Molch midget submarines were used in the Mediterranean in Operation Dragon along the French Riviera on the night of 25 to 26 September 1944 where 10 of 12 boats were lost without damaging a single Allied vessel. Between January and April 1945, Molch and Biber midget submarines tallied one hundred and two missions at the cost of seventy boats being lost, while sinking only seven small allied vessels and damaging another two.

Although this kit was released a few years ago, the folks at Pavla Models contacted the IPMS Reviewers' Corps offering their kits for review. This particular release consists of twenty-six resin parts and two clear vacuum-formed pieces. My particular sample had problems coming out of the box such as the clear parts, which should be dome shaped, being smashed down. In addition, my torpedoes had most of the fins broken off (two on one torpedo and three on the other), and I could not locate them in the zip-seal bag. The torpedoes also took a fair amount of work in order to make them look reasonably round in appearance.

On the plus side, the detail is convincingly sharp on all of the parts, although the panel lines are quite heavy. Assembly was for the most part straightforward, and although some super glue and accelerator was needed to fill gaps when joining the hull halves, once sanded, these areas looked just fine. This was only my third all-resin kit, but separating the parts from their mold stubs was easy enough, and the attachment points did not interfere with fitting the parts. The directions are easy enough to follow, and with the limited parts count, it is not too difficult of a build.

There are a couple of instances where the builder must supply his or her own parts, as in step B, where you need to make your own windows for the conning tower, and step E where you supply the control wire for the dive plane. From the research that I did while building this kit, I did find that Pavla has done a good job in capturing the essence of the Molch, and even with the heavy panel lines, it looks just like the real thing. Painting directions call for light grey paint overall, which I took to mean RAL 7001, so I used the Model Master equivalent (per my references Flint Gray, FS 36314).

As I mentioned previously, construction was not too challenging, aside from the torpedoes. Once I had the “fish” reasonably rounded, I had to deal with the missing fins. I started cutting some new ones from sheet plastic. Then by chance (or sheer luck), I found that the White Ensign Models German torpedoes set that I purchased to use with another project actually had two sets of fins included in photo-etched brass. I opted to use the type 7A fins for this project, even though the 7E were probably the ones I should have gone with for historical accuracy, but those are for my other project (and the reason that I had the torpedoes in the first place). If I were building this kit for a contest, I would likely replace the kit-supplied torpedoes with ones from White Ensign Models, or another aftermarket offering.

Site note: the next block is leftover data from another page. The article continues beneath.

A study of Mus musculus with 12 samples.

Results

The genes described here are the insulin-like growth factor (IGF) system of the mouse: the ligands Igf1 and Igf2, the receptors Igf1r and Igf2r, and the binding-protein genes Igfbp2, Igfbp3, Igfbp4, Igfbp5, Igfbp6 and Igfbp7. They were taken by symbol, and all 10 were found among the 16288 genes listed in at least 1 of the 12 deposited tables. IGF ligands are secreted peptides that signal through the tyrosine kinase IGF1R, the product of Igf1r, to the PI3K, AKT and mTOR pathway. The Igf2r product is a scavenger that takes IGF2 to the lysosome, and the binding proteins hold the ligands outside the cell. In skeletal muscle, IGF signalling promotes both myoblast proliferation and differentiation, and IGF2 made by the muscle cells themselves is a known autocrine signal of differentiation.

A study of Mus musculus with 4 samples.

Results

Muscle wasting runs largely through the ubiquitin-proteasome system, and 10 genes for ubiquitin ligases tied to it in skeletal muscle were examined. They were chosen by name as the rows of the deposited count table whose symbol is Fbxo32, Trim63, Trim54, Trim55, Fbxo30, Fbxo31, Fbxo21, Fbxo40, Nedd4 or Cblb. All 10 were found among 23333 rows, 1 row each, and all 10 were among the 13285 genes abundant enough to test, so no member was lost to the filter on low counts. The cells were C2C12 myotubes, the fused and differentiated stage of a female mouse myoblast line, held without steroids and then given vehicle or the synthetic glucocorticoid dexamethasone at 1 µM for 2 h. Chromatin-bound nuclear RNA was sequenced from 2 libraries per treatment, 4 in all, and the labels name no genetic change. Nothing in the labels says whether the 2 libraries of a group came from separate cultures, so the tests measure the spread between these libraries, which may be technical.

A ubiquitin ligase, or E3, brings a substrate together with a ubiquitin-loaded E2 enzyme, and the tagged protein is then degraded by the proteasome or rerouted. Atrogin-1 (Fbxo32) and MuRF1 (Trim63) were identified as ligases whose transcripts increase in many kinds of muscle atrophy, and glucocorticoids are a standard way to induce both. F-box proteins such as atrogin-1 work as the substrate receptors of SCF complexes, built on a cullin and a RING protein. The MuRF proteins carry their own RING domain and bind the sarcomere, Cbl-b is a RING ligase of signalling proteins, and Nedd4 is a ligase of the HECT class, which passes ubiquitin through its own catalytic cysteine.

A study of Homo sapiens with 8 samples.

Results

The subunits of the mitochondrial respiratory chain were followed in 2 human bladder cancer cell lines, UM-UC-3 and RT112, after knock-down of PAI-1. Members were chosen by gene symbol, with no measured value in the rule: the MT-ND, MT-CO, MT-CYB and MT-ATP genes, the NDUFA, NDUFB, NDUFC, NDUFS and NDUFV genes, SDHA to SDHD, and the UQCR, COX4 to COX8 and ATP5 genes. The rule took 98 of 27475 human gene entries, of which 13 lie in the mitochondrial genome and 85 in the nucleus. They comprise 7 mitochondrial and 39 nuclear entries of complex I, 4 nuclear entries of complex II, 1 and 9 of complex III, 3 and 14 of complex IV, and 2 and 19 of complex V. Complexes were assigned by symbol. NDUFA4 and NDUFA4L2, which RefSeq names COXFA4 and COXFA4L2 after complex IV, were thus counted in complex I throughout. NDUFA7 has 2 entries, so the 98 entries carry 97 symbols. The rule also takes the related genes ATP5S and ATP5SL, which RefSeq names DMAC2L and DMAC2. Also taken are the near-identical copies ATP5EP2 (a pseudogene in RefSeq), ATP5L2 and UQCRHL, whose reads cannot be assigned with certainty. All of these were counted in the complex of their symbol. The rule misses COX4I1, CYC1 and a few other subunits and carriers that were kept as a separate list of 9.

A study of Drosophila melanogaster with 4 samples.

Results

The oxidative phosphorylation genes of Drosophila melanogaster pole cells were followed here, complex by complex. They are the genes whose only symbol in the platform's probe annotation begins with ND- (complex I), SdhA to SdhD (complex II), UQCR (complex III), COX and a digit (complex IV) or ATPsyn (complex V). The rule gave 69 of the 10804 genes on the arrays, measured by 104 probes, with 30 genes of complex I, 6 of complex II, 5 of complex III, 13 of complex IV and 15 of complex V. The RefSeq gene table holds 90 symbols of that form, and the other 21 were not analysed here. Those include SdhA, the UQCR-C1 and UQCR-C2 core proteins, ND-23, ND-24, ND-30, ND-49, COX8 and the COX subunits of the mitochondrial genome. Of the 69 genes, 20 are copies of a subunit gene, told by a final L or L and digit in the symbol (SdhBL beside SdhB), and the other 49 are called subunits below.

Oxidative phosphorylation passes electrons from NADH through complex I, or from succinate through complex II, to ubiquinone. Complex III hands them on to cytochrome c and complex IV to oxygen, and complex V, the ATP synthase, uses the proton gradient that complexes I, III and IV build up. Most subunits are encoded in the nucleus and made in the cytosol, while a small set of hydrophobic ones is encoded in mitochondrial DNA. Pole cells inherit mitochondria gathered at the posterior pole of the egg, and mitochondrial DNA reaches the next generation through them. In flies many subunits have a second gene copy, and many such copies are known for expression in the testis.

For my hits of this kit, it certainly is an unusual subject, and 1/72 scale seems ideal to represent it, as the submarine was not much longer than the length of a torpedo. Interior detail is reasonable, although it is next to impossible to see once the conning tower is installed. The small items all fit in place with minimal assistance being needed. Attachment points on the pour stubs were in places that mostly allowed for easy clean-up, with minimal potential to damage the parts.

As far as my misses are concerned, I have said enough about the torpedoes, and as I mentioned, my sample had the dome-shaped clear pieces pushed downward, which required careful manipulation to push back out without poking through the thin plastic. I am also surprised that no clear film is provided for the conning tower windows and that a small piece of wire was not included for the dive plane. I have also mentioned the panel lines that are very predominate, but a person could fill them if they so chose.

Overall, I would still recommend this kit to folks wanting to add a unique World War 2 midget submarine to their collection.

I would like to thank the folks at Pavla for providing this review kit to the IPMS, to the Reviewers' Corps for allowing me to perform this evaluation, and to you for taking the time to read it.